WRIGHT WAY:Read to feed the soul
Apr 13, 2011 | 5170 views | 0 0 comments | 76 76 recommendations | email to a friend | print
Groucho Marx said, “I find television very educating. Every time somebody turns on the set, I go into the other room and read a book.” How about you? Do you love to read? It’s a wonderful way of listening to others, especially if a writer has something to say.

Although more people may watch television than read books, the thousands of TV shows available pales in comparison to the millions of books to choose from.

In fact, there were so many books already written in ancient times that Ecclesiastes 12:12 says “Of making many books there is no end, and much study is wearisome to the flesh.” — New King James Version.

With so many books being made today, how do you determine which ones are worth reading and which are a waste of time? The answer to that question may depend on what you want to get out of them.

For example, many lonely hearts in search of love may find comfort in romance novels. But some experts warn of a subliminal danger linked to romance novels. Several women have admitted they found themselves becoming discontent with their husband or boyfriend because they were nothing like the men in romance novels.

Others find escape in reading murder mysteries, science fiction, fantasy, poetry and nonfiction novels. While such entertainment is always a personal decision, many Christians have kept a healthy distance from spiritistic books in imitation of the example set by early Christians at Acts 19:19:

“Many of those who had practiced magic brought their books together and burned them in the sight of all. And they counted up the value of them, and it totaled fifty thousand pieces of silver.” — New King James Version.

Reading books should be refreshing instead of “wearisome to the flesh.” It should feed the soul. That’s why it’s so important to choose our reading material wisely. Even in ancient times readers had to be selective in the books they read. Why? There were many ancient writers with historical, philosophical, mystical, poetical and biographical books often professing to be sacred or of Divine origin.

The controversial books of the Apocrypha, for example, may have made for interesting reading. But they were not officially accepted as inspired by God due to inaccuracies and contradictions of Scriptures already held sacred for centuries. Much study of these book could become “wearisome to the flesh.”

Jerome, considered the best Hebrew scholar of the early church, wrote in his prologue to the Bible books of Samuel and Kings, “This prologue of the Scriptures can serve as a fortified approach to all the books which we translate from the Hebrew into Latin; so that we may know that whatever is beyond these must be put in the apocrypha.”

In his Select Letters, CVII, Jerome wrote to a woman named “Laeta” on the education of her daughter and advised, “Let her avoid all the apocryphal books, and if she ever wishes to read them, not for the truth of their doctrines but out of respect for their wondrous tales, let her realize that they are not really written by those to whom they are ascribed, that there are many faulty elements in them, and that it requires great skill to look for gold in mud.”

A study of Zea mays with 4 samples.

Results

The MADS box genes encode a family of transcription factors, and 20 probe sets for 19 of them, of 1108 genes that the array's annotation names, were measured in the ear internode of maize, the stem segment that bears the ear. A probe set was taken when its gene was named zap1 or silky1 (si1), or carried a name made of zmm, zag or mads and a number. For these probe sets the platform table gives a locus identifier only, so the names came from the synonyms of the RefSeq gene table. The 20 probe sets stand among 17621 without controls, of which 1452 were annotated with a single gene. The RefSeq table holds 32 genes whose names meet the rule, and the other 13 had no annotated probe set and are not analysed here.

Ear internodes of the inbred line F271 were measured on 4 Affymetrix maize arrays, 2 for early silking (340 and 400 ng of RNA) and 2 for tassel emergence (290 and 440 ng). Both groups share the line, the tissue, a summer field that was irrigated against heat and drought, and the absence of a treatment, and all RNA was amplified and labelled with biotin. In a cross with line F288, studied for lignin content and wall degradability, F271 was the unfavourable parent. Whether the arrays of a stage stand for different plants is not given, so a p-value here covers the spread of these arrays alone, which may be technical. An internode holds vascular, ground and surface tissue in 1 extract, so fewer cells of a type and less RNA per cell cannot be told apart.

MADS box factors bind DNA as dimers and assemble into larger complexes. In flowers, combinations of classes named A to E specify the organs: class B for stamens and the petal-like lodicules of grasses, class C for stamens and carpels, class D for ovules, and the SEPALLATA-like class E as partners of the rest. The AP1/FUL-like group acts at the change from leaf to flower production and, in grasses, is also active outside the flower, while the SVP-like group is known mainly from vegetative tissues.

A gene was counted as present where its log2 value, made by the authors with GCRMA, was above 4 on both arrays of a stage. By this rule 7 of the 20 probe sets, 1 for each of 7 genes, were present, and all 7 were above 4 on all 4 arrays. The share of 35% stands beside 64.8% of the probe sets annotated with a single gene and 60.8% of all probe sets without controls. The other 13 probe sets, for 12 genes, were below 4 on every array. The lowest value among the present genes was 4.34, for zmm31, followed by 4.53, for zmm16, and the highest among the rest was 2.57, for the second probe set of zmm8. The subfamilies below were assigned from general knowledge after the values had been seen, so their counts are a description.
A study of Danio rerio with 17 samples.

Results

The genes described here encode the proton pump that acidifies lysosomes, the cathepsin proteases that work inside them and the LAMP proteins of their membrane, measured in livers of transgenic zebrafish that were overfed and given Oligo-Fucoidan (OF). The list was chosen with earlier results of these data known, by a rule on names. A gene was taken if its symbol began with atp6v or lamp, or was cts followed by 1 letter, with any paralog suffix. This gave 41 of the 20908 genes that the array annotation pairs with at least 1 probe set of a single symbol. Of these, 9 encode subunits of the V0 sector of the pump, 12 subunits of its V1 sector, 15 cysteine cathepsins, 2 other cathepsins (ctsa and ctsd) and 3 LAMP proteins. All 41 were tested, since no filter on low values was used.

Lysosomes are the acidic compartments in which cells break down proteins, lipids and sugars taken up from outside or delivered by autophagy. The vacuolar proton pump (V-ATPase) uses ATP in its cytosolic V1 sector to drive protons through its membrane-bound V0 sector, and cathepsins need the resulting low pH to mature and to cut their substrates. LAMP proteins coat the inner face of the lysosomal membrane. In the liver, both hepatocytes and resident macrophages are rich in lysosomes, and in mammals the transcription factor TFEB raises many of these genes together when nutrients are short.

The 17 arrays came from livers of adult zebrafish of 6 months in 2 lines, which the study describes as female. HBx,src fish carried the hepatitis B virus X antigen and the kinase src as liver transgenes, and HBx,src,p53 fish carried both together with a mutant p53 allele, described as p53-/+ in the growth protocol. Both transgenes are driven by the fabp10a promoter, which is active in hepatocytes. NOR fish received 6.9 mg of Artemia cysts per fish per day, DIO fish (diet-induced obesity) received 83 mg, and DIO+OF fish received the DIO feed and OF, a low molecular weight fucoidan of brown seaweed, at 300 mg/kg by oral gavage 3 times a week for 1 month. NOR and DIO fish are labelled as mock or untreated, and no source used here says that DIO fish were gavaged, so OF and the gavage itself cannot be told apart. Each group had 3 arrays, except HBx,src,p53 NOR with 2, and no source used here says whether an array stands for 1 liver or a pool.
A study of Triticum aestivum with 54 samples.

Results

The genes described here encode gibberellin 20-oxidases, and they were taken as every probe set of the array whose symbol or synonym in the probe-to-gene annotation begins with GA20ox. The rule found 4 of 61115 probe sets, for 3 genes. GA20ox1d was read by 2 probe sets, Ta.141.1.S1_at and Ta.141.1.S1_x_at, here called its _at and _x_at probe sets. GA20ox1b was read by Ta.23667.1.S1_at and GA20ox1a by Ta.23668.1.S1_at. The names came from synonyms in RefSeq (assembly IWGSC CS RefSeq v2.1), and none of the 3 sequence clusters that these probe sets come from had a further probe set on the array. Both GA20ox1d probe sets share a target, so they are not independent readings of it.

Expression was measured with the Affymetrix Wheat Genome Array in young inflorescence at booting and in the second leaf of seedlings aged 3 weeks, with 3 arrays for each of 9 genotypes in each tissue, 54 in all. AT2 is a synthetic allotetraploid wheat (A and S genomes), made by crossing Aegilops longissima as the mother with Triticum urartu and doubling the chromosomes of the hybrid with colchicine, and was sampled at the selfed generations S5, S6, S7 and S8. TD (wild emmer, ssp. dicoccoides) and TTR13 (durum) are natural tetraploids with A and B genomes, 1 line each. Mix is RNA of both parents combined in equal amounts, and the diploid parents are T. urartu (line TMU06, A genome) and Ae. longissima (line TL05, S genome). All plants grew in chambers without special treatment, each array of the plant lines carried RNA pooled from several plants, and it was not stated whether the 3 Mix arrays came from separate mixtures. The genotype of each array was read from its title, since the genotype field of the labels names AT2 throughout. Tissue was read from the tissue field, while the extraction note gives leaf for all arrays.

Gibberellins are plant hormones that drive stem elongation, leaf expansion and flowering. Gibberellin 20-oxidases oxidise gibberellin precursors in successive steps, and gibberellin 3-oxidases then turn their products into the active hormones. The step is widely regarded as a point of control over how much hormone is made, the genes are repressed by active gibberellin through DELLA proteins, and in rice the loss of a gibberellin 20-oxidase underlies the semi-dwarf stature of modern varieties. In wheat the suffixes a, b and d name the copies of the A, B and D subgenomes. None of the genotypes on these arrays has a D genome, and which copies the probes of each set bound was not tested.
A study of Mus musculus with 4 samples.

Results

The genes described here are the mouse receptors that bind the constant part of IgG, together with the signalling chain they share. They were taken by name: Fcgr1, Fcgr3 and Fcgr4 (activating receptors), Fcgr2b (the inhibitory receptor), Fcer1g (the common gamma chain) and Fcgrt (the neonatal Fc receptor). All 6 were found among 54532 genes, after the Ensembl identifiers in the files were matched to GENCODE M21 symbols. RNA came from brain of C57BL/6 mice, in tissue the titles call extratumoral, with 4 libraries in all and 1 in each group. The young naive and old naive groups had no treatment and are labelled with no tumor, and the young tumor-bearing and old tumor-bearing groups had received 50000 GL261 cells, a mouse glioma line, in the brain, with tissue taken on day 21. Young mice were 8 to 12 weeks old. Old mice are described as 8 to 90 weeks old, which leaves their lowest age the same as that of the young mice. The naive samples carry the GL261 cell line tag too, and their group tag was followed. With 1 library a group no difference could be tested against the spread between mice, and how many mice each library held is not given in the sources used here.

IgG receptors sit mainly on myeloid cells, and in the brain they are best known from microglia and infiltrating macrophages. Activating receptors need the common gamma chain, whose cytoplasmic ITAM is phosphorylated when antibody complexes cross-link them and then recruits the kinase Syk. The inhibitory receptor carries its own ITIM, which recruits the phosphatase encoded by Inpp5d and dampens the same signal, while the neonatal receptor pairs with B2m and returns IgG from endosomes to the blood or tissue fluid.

Having browsed the apocryphal books of Enoch, Maccabees and other fragments from the Dead Sea Scrolls, I do not disagree with Jerome. It seems the best evidence against these books as being listed among the sacred pages of the Holy Bible is the Apocrypha itself.

Commenting on books written long after the death of Jesus’ Apostles such as “The Gospel of Thomas,” “Acts of Peter,” “Acts of Paul” and many others, The Interpreter’s Dictionary of the Bible said, “Many of them are trivial, some are highly theatrical, some are disgusting, even loathsome.”

While they may make for interesting reading, none of them were accepted as inspired of God and were officially excluded from the Holy Bible. Of course skeptics have asked how can anyone be sure all the right books got in and all the wrong books were left out?

It is the belief of millions that the Almighty God who controls this vast universe can surely control what information is included in a book He inspired. Efforts have been made over many centuries to destroy the Bible, remove God’s name from His own book and discredit the sacred truths inside it — all in vain.

It remains the best-seller of all time, the most widely read book in history and the only book available in whole or in part to 98 percent of the world. Read it for yourself and see if it isn’t “profitable.” — 2 Timothy 3:16.

Experts say books that improve our chances of leading a happy and fulfilling life involve social science, history, poetry, philosophy and religion. The Bible satisfies all of these spectrums of life in some form, including inspired prophecies undergoing fulfillment, Divine promises and Basic Instructions Before Living Eternally or (B.I.B.L.E.).

So, have you read any good books lately?

*For a copy of The Little White Book of Light featuring more than 100 Wright Way columns, visit barnesandnoble.com, booksamillion.com and amazon.com.